Crossposted on Amplify
September brings about the start of the 2010/2011 school year, and in North Carolina sexual health advocates are celebrating. The Healthy Youth Act (HB 88) goes into effect this year, effectively ending North Carolina’s decade long policy of abstinence-only sex education. This bill replaces abstinence-only sex education with a more comprehensive reproductive health and safety program that promotes abstinence as the best method for avoiding pregnancy and STI’s, but also teaches about contraception, safe sex, and healthy relationships. State Senator Ellie Kinnaird, one of the bills supporters, commented saying:
I am pleased that the NC Legislature was able to pass the Healthy Youth Act last session. However, it was not without great difficulty. Several religious groups and some Republican Senators objected to broadening the information available to students. But on the other side, we had many allies who worked the halls just as hard to make sure that students have accurate, complete information about sexual health.
I believe that this information now available to students will show up in statistics down the road with fewer pregnancies and sexually transmitted diseases. Having accurate, complete information will help others to make better decisions to protect themselves and avoid a direction that could have penalties for years to come.
Each NC school district is responsible for adopting a policy that includes information about both abstinence and contraception, but in some areas the process of implementing the new learning standards has been rocky. While an overwhelming 91.8% of North Carolina parents want the more detailed education, school systems seem to operate in fear of a very vocal minority that opposes effective sexuality education. Talking about contraceptives – just the very basics of what they are, how they work and how effective they are – is proving to be the most controversial aspect of the law. This is frustrating beyond belief for advocates like myself who understand that educating teens about how to protect themselves is a critical step in addressing our teen pregnancy crisis.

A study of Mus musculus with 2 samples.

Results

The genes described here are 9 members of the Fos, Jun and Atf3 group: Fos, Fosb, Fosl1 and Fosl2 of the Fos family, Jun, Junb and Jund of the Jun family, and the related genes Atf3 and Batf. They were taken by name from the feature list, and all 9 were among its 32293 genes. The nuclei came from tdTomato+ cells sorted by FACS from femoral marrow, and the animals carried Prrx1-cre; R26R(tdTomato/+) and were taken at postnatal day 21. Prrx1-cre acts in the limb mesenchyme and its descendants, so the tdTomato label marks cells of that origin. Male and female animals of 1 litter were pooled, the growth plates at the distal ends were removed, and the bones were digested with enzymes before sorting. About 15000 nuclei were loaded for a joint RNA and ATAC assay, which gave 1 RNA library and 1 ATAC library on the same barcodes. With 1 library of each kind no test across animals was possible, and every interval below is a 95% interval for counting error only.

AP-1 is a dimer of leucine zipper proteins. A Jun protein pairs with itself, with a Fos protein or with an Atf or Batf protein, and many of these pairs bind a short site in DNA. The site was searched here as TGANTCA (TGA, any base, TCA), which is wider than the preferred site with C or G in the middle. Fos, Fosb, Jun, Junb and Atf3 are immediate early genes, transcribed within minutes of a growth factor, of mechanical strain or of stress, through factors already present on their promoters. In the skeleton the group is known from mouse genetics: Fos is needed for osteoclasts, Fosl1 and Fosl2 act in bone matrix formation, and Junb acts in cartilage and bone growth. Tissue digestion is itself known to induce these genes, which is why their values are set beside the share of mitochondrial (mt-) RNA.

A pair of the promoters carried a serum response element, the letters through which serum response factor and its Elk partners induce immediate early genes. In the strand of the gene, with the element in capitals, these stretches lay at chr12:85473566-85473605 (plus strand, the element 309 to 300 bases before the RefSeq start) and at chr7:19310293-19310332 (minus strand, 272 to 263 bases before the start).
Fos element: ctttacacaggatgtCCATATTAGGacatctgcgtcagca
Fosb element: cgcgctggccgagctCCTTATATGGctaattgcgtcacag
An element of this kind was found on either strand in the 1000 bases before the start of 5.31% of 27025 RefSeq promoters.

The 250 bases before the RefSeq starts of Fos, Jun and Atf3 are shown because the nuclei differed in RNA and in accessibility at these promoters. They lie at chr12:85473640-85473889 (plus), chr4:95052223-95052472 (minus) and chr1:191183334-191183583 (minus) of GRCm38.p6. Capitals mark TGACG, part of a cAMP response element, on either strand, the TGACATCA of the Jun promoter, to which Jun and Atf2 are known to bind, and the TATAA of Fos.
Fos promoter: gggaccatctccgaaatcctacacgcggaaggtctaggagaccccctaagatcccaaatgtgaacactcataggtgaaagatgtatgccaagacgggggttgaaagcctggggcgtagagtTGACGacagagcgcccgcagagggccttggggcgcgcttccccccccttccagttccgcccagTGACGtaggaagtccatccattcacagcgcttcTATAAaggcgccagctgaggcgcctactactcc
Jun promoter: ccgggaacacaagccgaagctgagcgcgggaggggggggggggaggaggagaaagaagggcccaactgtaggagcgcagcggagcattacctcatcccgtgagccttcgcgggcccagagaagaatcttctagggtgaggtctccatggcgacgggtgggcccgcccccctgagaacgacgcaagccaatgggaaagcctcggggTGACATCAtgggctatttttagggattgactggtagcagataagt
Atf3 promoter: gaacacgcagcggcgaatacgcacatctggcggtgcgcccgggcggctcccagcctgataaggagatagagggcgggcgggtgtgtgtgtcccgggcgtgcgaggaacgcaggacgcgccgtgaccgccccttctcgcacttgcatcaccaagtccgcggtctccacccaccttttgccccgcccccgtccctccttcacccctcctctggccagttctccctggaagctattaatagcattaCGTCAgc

The same people who worked incredibly hard to stop the bill from passing are working to make sure the bill is not implemented. In some cases, they urge school administrators to do the bare minimum – like talking about all FDA approved contraceptives (as required) but only talking about their failure rates. The opposition even met with program staff in the state Department of Public Instruction to try to water down the Healthy Youth Act through bureaucratic means. In other cases, school administrators assume opposition is out there and are only tiptoeing toward compliance.
When legislators passed the Healthy Youth Act – and when we advocated for it – the goal was to make certain that every teenager had the basic knowledge and skills necessary to avoid pregnancy and STDs. The law itself finally provides North Carolina educators the chance to use effective sexuality education to address the state’s disturbingly high teen pregnancy rate.
But simply passing a law wasn’t good enough. That’s why I’m working along with fellow youth activists in NC to find out who’s doing what, which school systems are refusing to follow the law, and how we can support school systems who honestly want to provide an effective education for students. The devil is in the details here, but with teens more than 19,000 teens becoming pregnant every year in NC, we young people deserve EVERY school in North Carolina teaching accurate and complete information about sexuality and sexual health.
For more information on our efforts to implement this new curriculum, you can follow the Teen Health Now youth activism council, a group of young people dedicated to promoting sexual health in North Carolina. We have a Facebook page and are on Twitter, please reach out to us if you have any questions, ideas, or stories.
Dan Jubelirer is a 2010 Netroots Fellow at Amplify, a youth-driven community dedicated to promoting sexual health and reproductive justice.